The previous post on Sql debatching mentioned 'hacking' auto-generated files, something that may alarm some people (though not many, if my experience of developers is anything to go by.)
Another example of this is the extraction of primitive values from auto-generated schemas, specifically (in my case) consumed web service responses. As an example, say that you consume a web service that returns a single value (acknowledgement id, boolean flag indicating that an update went through, you know the sort of thing.) Because these values are contained within the auto-generated reference.xsd files they are neither promoted (in fact they couldn't be promoted, as only passthru pipelines are supported for SOAP calls) nor distinguished, and therefore not immediately accessible within expression or assignment shapes.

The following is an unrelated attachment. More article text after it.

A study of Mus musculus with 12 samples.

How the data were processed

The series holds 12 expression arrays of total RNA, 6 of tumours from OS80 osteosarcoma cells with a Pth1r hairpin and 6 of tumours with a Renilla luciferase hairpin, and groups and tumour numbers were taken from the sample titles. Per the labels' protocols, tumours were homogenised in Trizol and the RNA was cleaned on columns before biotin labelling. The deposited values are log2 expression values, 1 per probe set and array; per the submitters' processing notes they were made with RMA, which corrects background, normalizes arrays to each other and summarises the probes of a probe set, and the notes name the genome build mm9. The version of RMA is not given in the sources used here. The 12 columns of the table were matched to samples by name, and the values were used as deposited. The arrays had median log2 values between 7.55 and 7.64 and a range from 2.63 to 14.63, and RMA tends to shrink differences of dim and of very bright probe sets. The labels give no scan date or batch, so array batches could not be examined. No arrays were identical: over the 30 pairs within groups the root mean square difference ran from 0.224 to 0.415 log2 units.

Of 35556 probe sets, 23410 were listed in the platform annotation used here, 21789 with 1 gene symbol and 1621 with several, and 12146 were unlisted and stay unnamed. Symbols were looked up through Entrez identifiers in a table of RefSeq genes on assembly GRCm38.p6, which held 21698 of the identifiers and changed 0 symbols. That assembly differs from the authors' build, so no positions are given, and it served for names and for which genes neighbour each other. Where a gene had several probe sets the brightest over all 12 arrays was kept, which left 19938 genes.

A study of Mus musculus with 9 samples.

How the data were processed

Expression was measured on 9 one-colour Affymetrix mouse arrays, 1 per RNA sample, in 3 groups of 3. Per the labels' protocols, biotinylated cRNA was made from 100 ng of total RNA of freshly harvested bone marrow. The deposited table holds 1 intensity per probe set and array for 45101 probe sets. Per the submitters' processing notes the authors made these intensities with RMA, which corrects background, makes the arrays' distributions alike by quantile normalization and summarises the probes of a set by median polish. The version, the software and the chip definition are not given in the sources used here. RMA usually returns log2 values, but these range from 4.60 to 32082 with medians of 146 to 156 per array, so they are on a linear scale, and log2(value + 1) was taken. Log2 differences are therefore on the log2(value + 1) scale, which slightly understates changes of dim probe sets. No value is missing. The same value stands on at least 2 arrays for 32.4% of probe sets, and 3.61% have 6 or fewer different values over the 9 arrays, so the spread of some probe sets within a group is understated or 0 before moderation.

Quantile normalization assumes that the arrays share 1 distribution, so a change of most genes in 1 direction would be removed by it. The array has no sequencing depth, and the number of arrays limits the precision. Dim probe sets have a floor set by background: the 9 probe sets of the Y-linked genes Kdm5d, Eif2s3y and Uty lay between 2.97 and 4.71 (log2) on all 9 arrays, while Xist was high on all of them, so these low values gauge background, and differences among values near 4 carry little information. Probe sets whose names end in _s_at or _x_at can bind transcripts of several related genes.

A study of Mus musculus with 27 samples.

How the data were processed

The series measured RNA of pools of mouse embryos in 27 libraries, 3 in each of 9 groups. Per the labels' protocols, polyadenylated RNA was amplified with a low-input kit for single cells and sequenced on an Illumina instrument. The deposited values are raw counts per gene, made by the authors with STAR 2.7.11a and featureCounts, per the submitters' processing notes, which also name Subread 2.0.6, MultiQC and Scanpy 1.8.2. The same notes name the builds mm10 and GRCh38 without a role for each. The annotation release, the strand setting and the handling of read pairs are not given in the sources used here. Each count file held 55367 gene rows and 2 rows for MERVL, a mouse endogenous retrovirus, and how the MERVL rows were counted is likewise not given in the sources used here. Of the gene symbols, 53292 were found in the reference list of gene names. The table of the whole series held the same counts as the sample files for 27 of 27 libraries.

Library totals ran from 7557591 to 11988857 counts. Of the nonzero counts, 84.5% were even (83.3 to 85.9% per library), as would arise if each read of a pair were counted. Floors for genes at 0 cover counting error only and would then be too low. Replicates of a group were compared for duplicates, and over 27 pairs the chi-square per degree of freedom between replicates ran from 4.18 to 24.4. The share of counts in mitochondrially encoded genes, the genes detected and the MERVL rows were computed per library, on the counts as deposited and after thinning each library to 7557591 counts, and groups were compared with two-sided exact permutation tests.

I think the documentation, if there were any, would suggest using the xpath function to extract the values, but being lazy I find it easier to simply find the relevant reference.xsd schema definition and make the propert distinguished just as you would with your own schema. The danger with this is that the distinguished property status is lost if you refresh the web reference.
However, and this to me is the distinction between good and bad practice, this would cause a compile-time error, and would therefore have to be fixed before being redeployed. It'll never cause a runtime exception, and so this does not strike me as bad practice. It's just a shortcut, which in my book is a Good Thing.